Investigation carried out on Sperm Whale stranded in Sligo: UPDATE4th Apr 2019
A team from the IWDG consisting of Seán O'Callaghan, Mags Daly and Dr Simon Berrow travelled to Streedagh Strand, Co Sligo this morning (April 4th) to investigate yesterdays sperm whale stranding and collect samples. Due to the great management skills of local Heritage Officer Sióbhan Ryan, the local authority were able to provide diggers on site to assist in examining the whale carcass. The whale was a female measuring 10.4m in length. There were no obvious signs of ship collision, entanglement nor was the whale emaciated. Examination of the main stomach found no plastic debris, indeed there were no food remains either, apart from a small number of squid eye lenses and no evidence of recent feeding with intestines clean. Some minor parasite burden was noted.
Samples were taken for genetics and toxicology. Moira Slingerman from the Galway-Mayo Institute of Technology (GMIT) assisted in the examination and took blubber and liver samples to explore legacy and emergent persistent pollutants that may have accumulated in the whale. Cynthia Barile also from GMIT was also present, as Cynthia is carrying out a PhD on sperm and long-finned pilot whales in the Porcupine Bight, funded by a Woodside Scholarship together with lecturer Dr Ian O'Connor.
As is so often the case with strandings, we know more about what didnt kill the whale, than what did kill it. However, we will continue to explore avenues around acoustic trauma and bacterial infection. We are also in contact with colleagues in Scotland to see if they are also experiencing higher than ususal sperm whale strandings as they examined a female stranded on Uist in quite an advanced state of decomposition today.
NATOs annual Joint Warrier exercise is currently underway from 30 March to 11 April, west of the Hebrides. A total 35 warships, 5 submarines and 59 aircraft and helicopters from 13 countries are scheduled to take part in this year’s edition of the exercise. However these whales have been dead for 1-2 weeks so this can't explain these strandings unless some active equipment was tested offshore prior to the start of this exercise.
The IWDG would like to thank Heritage Officer Sióbhan Ryan, Local Authority Vet Conall Calleary, Blane Feeney and Gary McMorrow from Sligo County Council and contractors Eamonn Keegan, Jason Kerrigan and Enda Waters for their fantastic help on the beach today.
Media reports can be found here:
3 April 2019
The IWDG have been informed of another Sperm Whale washed up, this time on Streedagh Strand, Co Sligo. Images supplied by Colin Gillen suggest its an adult female. Generally we tend to observe adult male sperm whales off the Irish coast so this is a little unusual. Having three sperm whales washed up along the westcoast in a short period is now of concern. What could be causing these deaths? A lot of people following media coverage of the sperm whale washed up in the Meditteranean last week will blame plastic pollution. However, without a full necropsy to determine if plastic is present, it cannot definitiively be said that plastic pollution is the cause of death here. IWDG will explore some potential options regarding this increasingly unusual stranding pattern.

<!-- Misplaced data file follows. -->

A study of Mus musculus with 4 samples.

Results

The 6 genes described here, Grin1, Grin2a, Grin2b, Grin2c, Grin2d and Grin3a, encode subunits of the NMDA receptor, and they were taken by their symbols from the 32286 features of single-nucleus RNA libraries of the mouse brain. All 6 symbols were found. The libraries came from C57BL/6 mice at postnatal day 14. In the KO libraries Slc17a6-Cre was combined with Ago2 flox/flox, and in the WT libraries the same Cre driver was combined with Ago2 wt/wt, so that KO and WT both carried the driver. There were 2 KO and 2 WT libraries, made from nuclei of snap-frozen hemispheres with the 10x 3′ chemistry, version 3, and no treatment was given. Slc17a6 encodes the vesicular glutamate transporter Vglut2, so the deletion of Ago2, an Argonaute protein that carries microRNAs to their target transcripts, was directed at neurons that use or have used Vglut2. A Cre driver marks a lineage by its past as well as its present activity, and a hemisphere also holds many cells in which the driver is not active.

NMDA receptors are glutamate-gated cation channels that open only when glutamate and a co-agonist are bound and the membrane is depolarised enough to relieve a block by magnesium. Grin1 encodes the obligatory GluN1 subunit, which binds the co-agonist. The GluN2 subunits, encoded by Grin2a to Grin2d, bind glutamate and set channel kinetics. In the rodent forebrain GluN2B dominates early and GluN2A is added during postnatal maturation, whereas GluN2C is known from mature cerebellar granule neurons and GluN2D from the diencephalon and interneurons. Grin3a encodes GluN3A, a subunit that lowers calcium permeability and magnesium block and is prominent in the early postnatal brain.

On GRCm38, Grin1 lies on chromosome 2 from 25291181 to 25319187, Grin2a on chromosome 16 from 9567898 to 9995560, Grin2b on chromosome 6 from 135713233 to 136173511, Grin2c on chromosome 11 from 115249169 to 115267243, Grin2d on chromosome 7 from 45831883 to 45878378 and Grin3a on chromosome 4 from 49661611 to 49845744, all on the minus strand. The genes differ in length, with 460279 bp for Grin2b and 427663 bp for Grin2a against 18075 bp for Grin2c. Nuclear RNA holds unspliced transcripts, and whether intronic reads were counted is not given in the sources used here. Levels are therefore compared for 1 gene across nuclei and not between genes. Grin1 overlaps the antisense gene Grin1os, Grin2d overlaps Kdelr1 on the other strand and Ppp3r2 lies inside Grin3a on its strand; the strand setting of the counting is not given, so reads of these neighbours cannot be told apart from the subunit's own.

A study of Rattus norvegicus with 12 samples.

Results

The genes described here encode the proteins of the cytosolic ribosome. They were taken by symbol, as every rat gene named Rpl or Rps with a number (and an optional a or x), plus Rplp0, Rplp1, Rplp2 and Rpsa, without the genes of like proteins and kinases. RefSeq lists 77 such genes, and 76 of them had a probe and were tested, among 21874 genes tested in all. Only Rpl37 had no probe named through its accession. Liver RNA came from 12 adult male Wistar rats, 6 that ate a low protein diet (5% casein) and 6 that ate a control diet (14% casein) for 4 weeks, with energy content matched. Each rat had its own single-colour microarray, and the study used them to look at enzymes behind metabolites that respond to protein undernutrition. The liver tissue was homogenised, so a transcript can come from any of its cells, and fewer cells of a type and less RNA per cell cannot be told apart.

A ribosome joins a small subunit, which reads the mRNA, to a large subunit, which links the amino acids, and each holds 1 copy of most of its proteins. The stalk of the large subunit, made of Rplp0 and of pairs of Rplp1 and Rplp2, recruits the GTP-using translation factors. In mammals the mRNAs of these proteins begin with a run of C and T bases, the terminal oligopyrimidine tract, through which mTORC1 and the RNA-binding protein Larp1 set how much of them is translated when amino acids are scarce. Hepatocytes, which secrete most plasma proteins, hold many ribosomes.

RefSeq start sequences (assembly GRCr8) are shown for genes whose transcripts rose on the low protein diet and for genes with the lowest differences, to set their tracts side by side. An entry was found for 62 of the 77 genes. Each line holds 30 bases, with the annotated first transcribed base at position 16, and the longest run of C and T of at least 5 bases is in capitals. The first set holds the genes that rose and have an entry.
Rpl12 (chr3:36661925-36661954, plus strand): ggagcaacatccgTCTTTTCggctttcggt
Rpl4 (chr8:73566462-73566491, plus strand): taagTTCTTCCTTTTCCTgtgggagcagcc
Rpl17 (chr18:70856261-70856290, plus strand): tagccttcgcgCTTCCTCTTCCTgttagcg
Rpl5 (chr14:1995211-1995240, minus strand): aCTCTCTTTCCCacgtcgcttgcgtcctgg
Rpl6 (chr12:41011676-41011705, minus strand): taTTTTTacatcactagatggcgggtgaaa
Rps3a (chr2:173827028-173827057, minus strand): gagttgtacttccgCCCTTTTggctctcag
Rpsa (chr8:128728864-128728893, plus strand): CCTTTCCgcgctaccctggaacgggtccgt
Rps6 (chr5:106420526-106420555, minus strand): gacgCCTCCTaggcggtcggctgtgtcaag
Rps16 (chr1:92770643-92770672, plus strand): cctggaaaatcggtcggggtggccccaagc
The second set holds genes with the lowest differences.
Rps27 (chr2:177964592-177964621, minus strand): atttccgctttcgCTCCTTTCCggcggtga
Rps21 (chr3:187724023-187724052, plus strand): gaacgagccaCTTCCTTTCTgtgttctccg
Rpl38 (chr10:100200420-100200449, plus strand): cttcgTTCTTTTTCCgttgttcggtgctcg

Sperm whale at Sreedagh Strand, Co Sligo. Images courtesy of Colin Gillen
Media interest in these strandings is high, but dont believe everything you read online (except on iwdg.ie)
Sperm whale captured by the IWDG drone flown by Seán O'Callaghan, 31st Mar. 2019
Another sperm whale was washed up yesterday, this time at Mace Head, Moyrus, near Carna in Conamara, Co. Galway. It's most likely the same whale reported floating by commercial fishermen fishing out of Ballyconeelly and filmed by Brendan Conneely. Click on the image below to see the video.
The stranding at Mace Head was reported to the IWDG by Seamus MacDonnacha of Cill Chiaráin, and Rónán Ó Conghaile, this c.40ft whale is in great condition and well worth taking a trip out to Mace Head to see. Three sperm whales washed up this year is a little unusual but nothing sinister, please report any strandings to see if this is the start of something more worrying.
Photo by Rónán Ó Conghaile
Photo by Neasa ní Chualáin
26th March 2019
Today we received two records of some may say, the largest predator in the world - sperm whales.
Paul Murphy from the Irish Maritime Squadron sent on images taken by Airman Sean Foley of 105 Sqn, Photo Section.
The floating carcass was taken recorded on Monday 25th March at position 53° 11' N 11°22.720' W and reported to MRCC and NS Op.
Sperm whale observed offshore. Courtest of Sean Foley, MaritimeSquadron
Sperm whales are widespread and relatively abundant in the deep waters to the west of Ireland. They rarely occur in waters less than 300m deep. A recent study co-ordinated by the Galway-Mayo Institute of Technologhy in which the IWDG were partners (ObSERVE-Acoustic https://www.dccae.gov.ie/en-ie/natural-resources/topics/Oil-Gas-Exploration-Production/observe-programme/Pages/ObSERVE-Programme.aspx) estimated an abundance of 3.2 whales per 1000 km2, which provided an overall estimate across all surveys of 380 individuals in the study area.
On the same day a sperm whale was washed up at Magheroarty in County Donegal. Donegal IWDG co-ordinator Gareth Doherty visited the stranding today and estimated its length at 43 ft. Samples were taken for genetics and a study of persistent pollutants.
Sperm whale stranded at Magheroarty, Co Donegal. Courtesy of Gareth Doherty.
The IWDG have been receiving images from the Irish Maritime Squadron under the WhaleLog Project since 2007 and they provide a facinating insight into what is occurring offshore. we thank them for their continued support. Please get involved in your IWDG local group and help us record whales, dolphins and porpoise onserved and stranded in Ireland.